Wedged between New York and DC, Philadelphians have a reputation for doubling down on their local pride. That pride is evident in the city’s culinary scene, which encompasses both global and classic American fare.

Symrise hosted a roundtable discussion with four of StarChef’s 2019 Philadelphia Rising Stars: roaster Evan Inatome of Elixir Coffee; Samantha Kincaid, Pastry Chef at Cadence; Matt Harper, Executive Chef at Kensington Quarters; and bartender Aaron Deary from R&D. Philadelphia mainstay and Iron Chef winner Jose Garces also joined the panel.


Matt Harper talked about a close two-way relationship with area farmers, driven by “forecasts and communication” about seasonal availability and consumer demand. He noted, “Every year they’re bringing new ingredients through the door and I feel like it’s our job to highlight those ingredients.”

Jose Garces also praises local farmers, particularly when it comes to novel hybrid offerings like caulilini -- a cross between cauliflower and broccolini that Garces grilled and served with garlic and lemon. Garces has even dabbled in farming himself, running a small operation on Pennsylvania’s rock and clay-filled soil; the experiment yielded bright, crisp lettuce that retained its crunch even after a day in the fridge.

Samantha Kincaid incorporates more than just local fruit and dairy into her desserts, pointing to “all these other secondary products coming out of Pennsylvania.” One such byproduct is malt, the dried grain product typically used to make alcohol. Kincaid uses the malt to add texture and complexity to Cadence’s menu: “We pull from all these different worlds in the area to create really dynamic dishes.”


Evan Inatome cited emotional appeal as a driving force, striving to create signature coffees and coffee drinks that evoke sensory memories. Inatome also described a general shift in the coffee business toward “special attention to detail, from sourcing to farming to producing to brewing and roasting.” This so-called “third wave of coffee” sees customers paying closer attention to the provenance of their beans and more adventurous when it comes to flavor profiles.

Harper relies on spontaneity to add veggie-centric touches to the nose-to-tail menu at Kensington Quarters. With a laugh, he even confesses to having created a dish on the spot for his Rising Star tasting panel. “You can tastes a brightness and an energy from something that’s created in the spur of the moment. When I’m implementing something onto the menu, I’ll take that energy and excitement and either rein it in for the constraints of making thirty of them a night or expand on it.”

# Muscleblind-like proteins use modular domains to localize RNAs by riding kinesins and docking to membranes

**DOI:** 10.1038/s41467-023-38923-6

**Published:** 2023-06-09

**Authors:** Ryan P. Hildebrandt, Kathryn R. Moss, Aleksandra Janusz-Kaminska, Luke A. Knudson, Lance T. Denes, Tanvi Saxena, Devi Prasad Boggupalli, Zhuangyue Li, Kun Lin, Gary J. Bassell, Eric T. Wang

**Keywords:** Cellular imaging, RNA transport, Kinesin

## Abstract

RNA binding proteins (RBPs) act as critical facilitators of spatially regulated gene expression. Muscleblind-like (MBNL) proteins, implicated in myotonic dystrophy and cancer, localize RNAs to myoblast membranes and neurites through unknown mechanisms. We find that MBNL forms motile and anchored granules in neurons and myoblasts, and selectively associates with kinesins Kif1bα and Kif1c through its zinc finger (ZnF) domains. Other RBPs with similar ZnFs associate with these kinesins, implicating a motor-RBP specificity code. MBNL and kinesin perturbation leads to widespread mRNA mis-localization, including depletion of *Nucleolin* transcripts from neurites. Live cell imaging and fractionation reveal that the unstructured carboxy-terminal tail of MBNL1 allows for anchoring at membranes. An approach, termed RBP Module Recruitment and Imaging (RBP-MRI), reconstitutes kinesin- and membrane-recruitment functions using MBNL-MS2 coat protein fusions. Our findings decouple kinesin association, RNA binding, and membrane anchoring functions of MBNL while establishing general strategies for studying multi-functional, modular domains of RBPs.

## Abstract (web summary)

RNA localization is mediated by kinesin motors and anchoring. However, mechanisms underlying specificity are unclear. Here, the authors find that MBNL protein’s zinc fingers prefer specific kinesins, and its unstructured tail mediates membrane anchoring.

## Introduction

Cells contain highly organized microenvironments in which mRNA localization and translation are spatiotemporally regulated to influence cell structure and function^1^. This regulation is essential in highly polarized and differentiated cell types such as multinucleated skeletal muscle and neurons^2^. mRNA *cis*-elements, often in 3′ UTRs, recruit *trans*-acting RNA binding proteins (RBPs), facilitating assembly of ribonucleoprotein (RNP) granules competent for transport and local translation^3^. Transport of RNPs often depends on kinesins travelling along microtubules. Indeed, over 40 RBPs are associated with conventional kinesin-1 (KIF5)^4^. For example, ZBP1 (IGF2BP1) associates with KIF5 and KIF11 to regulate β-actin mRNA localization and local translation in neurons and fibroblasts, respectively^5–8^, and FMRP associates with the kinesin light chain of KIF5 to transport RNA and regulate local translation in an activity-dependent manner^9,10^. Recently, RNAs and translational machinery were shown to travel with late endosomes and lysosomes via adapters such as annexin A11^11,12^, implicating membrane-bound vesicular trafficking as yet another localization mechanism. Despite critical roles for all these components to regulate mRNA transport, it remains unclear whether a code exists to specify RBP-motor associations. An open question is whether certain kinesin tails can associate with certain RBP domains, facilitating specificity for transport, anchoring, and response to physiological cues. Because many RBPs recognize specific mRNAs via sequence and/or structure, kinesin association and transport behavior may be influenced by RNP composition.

Garces, meanwhile, takes a more studied approach. While travel and research are the impetus for dishes at restaurants like his Basque tapas spot Tinto, meticulous test kitchen trials determine his final menus. This “versioning” involves repeated tastings and platings anchored around key ingredients -- and even after dishes make it into the dining rooms of his eight Philadelphia restaurants, further fine-tuning is possible. Per Garces, “The fun thing is that we have a wide variety of cuisines and disciplines to work across.”

Finally, this talented group expounded on some of their favorite ingredients. Spring brings some earthy classics: Jose Garces sticks to fava, asparagus, and English peas and Matt Harper favors local lettuce and ramps. Although it isn’t in season for long, Samantha Kincaid steeps the medicinal, floral leaves of sweet woodruff to add depth to desserts like celery sorbet. They also mentioned some lesser-known elements like sake lees, the yeasty, floral sake sediment that Kincaid adds to purees, sweet ají dulce chilis, which Harper dries, pickles, and puts in hot sauce, and Paranubes, a brand Oaxacan that Deary advises should not be consumed neat.